Can Students Use Any Class in Java API?

Teachers and students often ask whether an AP exam taker can use any class or method from Java API, including new Java 8 features, in their solutions to the free-response questions.

The following advice has been offered in the ap-compsci forum by professor James K. Huggins (reprinted with permission):

RE: Can students use any Java class?

[Standard disclaimers apply: I'm speaking based on my experiences as a veteran reader, but I don't speak on behalf of ETS, College Board, the Development Committee, or Nate Silver.]

Short answer: yes, students can use any valid Java code... but it's risky.

Long answer:

In general, the rule is that if the solution is a valid Java solution, it's eligible for full credit.  However, let me qualify that answer in a few important ways.

  • Above all else, the rules outlined in the question take precedence.  If the question explicitly says not to use something, or (more likely) that the solution must use some other call, then not following those rules will almost certainly result in failing to earn full credit.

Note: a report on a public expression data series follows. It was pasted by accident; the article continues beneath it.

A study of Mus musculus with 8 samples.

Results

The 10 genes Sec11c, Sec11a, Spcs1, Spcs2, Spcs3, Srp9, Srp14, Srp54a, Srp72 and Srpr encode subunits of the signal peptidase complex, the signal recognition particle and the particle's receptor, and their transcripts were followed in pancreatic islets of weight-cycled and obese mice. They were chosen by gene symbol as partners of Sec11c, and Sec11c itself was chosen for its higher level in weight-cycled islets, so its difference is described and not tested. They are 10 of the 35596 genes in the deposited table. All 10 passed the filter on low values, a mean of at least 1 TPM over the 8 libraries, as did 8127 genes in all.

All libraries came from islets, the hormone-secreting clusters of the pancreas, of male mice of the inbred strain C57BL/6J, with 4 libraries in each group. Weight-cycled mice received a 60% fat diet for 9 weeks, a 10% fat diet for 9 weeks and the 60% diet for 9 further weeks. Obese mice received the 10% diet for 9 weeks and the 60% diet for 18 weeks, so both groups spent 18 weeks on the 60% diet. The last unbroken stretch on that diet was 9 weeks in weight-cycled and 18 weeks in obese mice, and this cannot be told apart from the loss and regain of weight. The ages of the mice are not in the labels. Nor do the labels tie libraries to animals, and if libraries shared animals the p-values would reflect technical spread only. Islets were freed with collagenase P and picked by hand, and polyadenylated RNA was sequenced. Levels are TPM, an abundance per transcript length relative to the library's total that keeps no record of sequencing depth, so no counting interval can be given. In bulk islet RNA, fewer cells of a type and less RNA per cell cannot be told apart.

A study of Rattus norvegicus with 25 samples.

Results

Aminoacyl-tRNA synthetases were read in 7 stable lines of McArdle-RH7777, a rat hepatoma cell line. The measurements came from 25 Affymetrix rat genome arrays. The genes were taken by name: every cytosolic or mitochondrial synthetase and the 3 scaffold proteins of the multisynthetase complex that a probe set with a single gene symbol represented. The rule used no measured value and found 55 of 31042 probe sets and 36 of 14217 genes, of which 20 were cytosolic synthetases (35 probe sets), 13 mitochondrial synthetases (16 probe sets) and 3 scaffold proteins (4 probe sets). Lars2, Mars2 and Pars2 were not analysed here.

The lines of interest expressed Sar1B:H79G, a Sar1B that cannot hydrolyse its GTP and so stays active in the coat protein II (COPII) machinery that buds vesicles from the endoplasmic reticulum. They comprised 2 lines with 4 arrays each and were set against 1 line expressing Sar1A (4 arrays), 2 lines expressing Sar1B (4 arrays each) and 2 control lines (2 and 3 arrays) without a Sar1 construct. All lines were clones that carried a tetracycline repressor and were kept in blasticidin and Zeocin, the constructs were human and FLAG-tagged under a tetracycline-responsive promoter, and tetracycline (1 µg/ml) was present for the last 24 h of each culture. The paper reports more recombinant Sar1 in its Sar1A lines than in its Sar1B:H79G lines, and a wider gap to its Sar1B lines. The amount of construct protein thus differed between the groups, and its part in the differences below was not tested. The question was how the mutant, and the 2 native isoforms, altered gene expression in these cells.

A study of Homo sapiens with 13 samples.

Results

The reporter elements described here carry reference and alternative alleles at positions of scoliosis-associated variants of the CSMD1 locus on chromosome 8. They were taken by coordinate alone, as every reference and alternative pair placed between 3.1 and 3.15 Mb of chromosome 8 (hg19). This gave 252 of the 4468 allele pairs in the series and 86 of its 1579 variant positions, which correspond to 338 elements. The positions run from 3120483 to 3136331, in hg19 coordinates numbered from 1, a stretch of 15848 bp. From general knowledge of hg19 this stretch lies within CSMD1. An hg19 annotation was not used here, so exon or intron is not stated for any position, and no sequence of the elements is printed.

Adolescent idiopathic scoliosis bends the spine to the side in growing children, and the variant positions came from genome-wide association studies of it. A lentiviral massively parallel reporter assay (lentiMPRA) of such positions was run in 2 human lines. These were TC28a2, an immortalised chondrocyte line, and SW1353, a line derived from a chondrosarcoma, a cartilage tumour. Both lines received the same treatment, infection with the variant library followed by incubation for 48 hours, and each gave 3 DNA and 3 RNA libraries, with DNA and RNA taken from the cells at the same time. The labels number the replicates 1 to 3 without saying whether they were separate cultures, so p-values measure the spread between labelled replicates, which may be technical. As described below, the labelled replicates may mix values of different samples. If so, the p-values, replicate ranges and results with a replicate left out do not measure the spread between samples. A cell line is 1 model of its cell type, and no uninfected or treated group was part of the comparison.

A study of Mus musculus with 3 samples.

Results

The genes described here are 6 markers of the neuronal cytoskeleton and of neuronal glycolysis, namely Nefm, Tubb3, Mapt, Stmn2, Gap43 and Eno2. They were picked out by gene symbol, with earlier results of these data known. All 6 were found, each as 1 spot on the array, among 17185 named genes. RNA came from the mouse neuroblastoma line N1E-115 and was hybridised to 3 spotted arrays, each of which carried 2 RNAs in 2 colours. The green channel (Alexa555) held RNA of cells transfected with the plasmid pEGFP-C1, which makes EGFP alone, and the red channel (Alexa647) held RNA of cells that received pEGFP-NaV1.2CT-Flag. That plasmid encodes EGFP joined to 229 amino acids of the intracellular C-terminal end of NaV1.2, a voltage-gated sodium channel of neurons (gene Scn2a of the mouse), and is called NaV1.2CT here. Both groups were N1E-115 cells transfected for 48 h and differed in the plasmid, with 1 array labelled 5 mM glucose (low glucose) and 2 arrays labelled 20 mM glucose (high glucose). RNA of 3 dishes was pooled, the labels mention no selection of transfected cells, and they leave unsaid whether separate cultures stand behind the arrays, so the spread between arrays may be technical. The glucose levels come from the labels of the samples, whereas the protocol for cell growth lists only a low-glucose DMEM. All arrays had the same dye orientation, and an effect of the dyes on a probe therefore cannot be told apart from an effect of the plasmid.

• Keep in mind that the only API reference that students have during the exam is the one-page Quick Reference, which has the selected methods from the selected classes identified as part of the AP Java subset.  If students want to use other classes, they'll have to remember the structure of the calls from memory.  If they get those calls wrong, it'll certainly lead to failing to earn full credit.

  • FRQs are scored by human readers.  Now, these readers are wonderful people; it's my honor to be associated with them.  But no-one has the entire Java API memorized.  If a student uses a class from outside the AP subset, there's an extremely small (but non-zero) chance that the reader who scores that exam might not be familiar with it, and incorrectly judge those parts of the code as incorrect, failing to grant credit.  We go to great lengths to try to ensure that this doesn't happen; the leadership will dig into the APIs for those unusual solutions so that every student gets a fair assessment.  But we're only human, and I'm sure that stuff gets missed.  It's much safer to stay within the subset.
So, what do you tell your students?
  • To everyone: tell them that the questions are designed to be solved within the boundaries of the AP subset.  There's no "need" to bring in outside features.

  • To the fearful students: if they don't see the "in-bounds" solution, tell them to absolutely write the "out-of-bounds" solution.  It'll usually work out.

  • To the "showoff" students: the AP exam isn't the time to use twelve different obscure features of Java in an attempt to show off, or to demonstrate that they know more than the reader.  Because if they show they know more than the reader ... they lose with a lower score.